SALT LAKE CITY — If anyone knows what's ailing the Utah Jazz, they'd like to be informed.
They know what's going wrong on the court: rough starts, porous defense, shockingly bad turnovers. They even know the reason behind most of the struggles: a lack of focus.
What they don't know, however, is why that focus has waned.
Over the last few games, the team that laid waste to pretty much every team in the NBA has suddenly looked like a shell of itself. The 20-point wins have now turned into frustrating losses and the Jazz are suddenly trying to find themselves again.
Utah is 2-4 in its last six games and have been one of the worst defensive teams in the league over that span. The team that has been in the top 5 in defense for practically the entire season didn't suddenly forget how to stop people, so what's changed?
"Obviously it sounds silly but if we knew it, we'd obviously kind of knock it out and get rid of it straightaway," said Joe Ingles, who had a career-high 34 points in Utah's latest loss on Thursday.
That loss may be the worst of the recent stretch and quite possibly the worst of the season. The Jazz let Russell Westbrook get in the lane at will and didn't offer much resistance anywhere else. Washington also scored over 30 points in each quarter. Utah trailed by 11 after the first quarter and never could climb out of the hole.
"I think we've gotten accustomed to waiting and then saying, 'Oh, we'll come back,' and I think we just got to find ways to go out there and whatever it is — I don't have the magic saying right now," Donovan Mitchell said. "Whatever it is, we got to go out there and do it to start."
Rudy Gobert, who had 10 points and 13 rebounds, went back to the perceived slights the Jazz have faced this season. Shaq said Mitchell wasn't a superstar, Gobert and Mitchell were the last two taken in the All-Star draft, and the Jazz have seen all the doubters on social media.
It's fun to talk about all of that when you're sitting atop of the league standings and winning each game in dominant fashion. When things flip, though, all those doubts suddenly have a bit more merit.
"I think we have to understand that we haven't accomplished (anything)," Gobert said. "We get upset when people laugh at us on TV and disrespect us. And there is disrespect out there but it's on us to have respect for ourselves and understand that we're the challengers, we are not the champions. We were not a team that can just cruise and then turn it on when it's playoff time."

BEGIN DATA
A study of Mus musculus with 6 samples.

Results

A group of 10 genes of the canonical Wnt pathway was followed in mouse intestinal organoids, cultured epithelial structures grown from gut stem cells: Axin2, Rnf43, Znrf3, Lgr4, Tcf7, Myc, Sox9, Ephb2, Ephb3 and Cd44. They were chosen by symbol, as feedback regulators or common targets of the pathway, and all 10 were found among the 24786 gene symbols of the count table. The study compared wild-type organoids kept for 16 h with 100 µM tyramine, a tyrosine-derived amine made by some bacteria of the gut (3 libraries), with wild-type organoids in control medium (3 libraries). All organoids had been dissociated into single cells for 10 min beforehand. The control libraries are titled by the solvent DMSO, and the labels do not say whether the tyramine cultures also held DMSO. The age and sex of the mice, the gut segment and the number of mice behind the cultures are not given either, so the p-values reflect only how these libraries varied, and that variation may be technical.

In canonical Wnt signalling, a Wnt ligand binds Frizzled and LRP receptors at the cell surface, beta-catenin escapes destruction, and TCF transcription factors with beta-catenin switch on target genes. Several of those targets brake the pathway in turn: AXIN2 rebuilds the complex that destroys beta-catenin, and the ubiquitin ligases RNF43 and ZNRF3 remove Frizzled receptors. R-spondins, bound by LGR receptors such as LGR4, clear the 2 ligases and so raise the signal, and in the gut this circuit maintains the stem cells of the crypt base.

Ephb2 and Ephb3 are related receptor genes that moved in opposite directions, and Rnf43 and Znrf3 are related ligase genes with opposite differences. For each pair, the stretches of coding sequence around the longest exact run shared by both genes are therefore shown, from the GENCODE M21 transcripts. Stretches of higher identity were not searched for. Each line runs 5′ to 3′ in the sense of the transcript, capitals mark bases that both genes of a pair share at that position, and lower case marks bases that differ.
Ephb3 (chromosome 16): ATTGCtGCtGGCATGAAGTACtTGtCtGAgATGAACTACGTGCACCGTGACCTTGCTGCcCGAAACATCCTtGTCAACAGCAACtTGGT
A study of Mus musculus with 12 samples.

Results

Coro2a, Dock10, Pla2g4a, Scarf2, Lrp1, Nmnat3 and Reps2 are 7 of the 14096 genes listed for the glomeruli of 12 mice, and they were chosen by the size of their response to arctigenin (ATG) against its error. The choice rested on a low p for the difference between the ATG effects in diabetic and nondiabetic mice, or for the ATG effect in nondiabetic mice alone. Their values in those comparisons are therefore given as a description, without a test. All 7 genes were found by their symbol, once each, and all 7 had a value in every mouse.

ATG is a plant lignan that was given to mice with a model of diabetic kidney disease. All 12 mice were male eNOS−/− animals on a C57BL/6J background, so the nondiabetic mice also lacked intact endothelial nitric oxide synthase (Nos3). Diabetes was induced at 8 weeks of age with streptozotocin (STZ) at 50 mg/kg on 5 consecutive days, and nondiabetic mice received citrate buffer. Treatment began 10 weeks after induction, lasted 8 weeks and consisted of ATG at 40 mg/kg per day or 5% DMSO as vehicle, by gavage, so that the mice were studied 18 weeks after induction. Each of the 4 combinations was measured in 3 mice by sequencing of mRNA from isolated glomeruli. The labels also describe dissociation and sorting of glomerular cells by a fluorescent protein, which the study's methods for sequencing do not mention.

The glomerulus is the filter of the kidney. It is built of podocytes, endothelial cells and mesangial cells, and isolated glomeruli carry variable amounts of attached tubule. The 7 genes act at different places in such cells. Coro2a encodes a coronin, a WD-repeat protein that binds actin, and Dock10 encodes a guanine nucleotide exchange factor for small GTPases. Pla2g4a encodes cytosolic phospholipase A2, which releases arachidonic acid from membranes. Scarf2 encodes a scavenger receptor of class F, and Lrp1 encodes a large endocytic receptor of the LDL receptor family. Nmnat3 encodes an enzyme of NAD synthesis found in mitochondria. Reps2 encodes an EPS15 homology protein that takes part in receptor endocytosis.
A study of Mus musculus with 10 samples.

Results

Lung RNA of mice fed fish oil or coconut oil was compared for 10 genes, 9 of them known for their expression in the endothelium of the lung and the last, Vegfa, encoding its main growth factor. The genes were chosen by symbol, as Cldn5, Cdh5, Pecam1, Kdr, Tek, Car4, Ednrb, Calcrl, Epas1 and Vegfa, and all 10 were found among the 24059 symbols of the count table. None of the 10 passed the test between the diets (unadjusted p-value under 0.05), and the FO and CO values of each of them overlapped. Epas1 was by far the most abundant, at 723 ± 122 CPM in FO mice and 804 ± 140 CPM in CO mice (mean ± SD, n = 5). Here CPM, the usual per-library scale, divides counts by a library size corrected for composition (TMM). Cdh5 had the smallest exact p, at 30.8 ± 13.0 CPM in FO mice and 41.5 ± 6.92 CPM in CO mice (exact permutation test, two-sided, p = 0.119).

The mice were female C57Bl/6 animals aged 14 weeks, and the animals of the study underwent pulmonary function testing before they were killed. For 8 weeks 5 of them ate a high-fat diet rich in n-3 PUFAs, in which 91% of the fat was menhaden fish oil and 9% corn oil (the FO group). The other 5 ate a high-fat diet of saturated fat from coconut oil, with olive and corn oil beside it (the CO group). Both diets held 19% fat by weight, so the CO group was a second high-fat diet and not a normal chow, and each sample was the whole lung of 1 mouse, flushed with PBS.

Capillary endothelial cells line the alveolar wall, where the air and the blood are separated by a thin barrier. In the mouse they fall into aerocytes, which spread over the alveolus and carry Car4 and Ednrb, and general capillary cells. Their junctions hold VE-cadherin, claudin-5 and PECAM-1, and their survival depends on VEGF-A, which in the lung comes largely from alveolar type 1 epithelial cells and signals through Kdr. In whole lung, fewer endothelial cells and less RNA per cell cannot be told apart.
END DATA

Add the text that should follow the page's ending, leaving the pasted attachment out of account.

The Jazz stormed the league playing at an extremely high level. The rotations were automatic and the reads were second nature. Quin Snyder critiqued his team for not rotating to stop Westbrook's drives after Thursday's game; that highlighted a mistake that didn't happen during Utah's long winning streaks, but one that has become normal over the last six contests. Utah hasn't forgotten its defensive schemes, it just isn't executing them.
"We need to play like we want to win a championship, like we want to not get knocked out in the first round like we have been," Ingles said. "I mean, I don't know the exact reason. But we need to come out aggressive on both ends. When we do, we're a really, really (expletive) good team. And when we don't, I mean it's shown over the last (few games)."
Utah doesn't need to return to the drawing board, it just needs to play with the urgency it showed earlier in the season. But the Jazz knew that after the loss to the New Orleans Pelicans before the All-Star break or after the closer-than-it-should-have-been win over the shorthanded Houston Rockets, too. Will the loss to the lowly Washington Wizards serve as the much-needed wakeup call?
"We just need to try to find a way to have it every night and to have that edge, that chip on our shoulder," Gobert said. "I know we have it but it sometimes disappears and then comes back. So it's really on us to be hungry every night. We haven't accomplished anything yet. And I think we know it, everybody knows it. It's almost like it's a new season that starts now."
And if the Jazz don't figure things out, that new season might not be very fun.
"We know with our record and the way we've been playing people are going to give us their best shot night in and night out, and we haven't been ready for it," Ingles said. "So if we continue to not be, it's going to be a miserable second half of the year."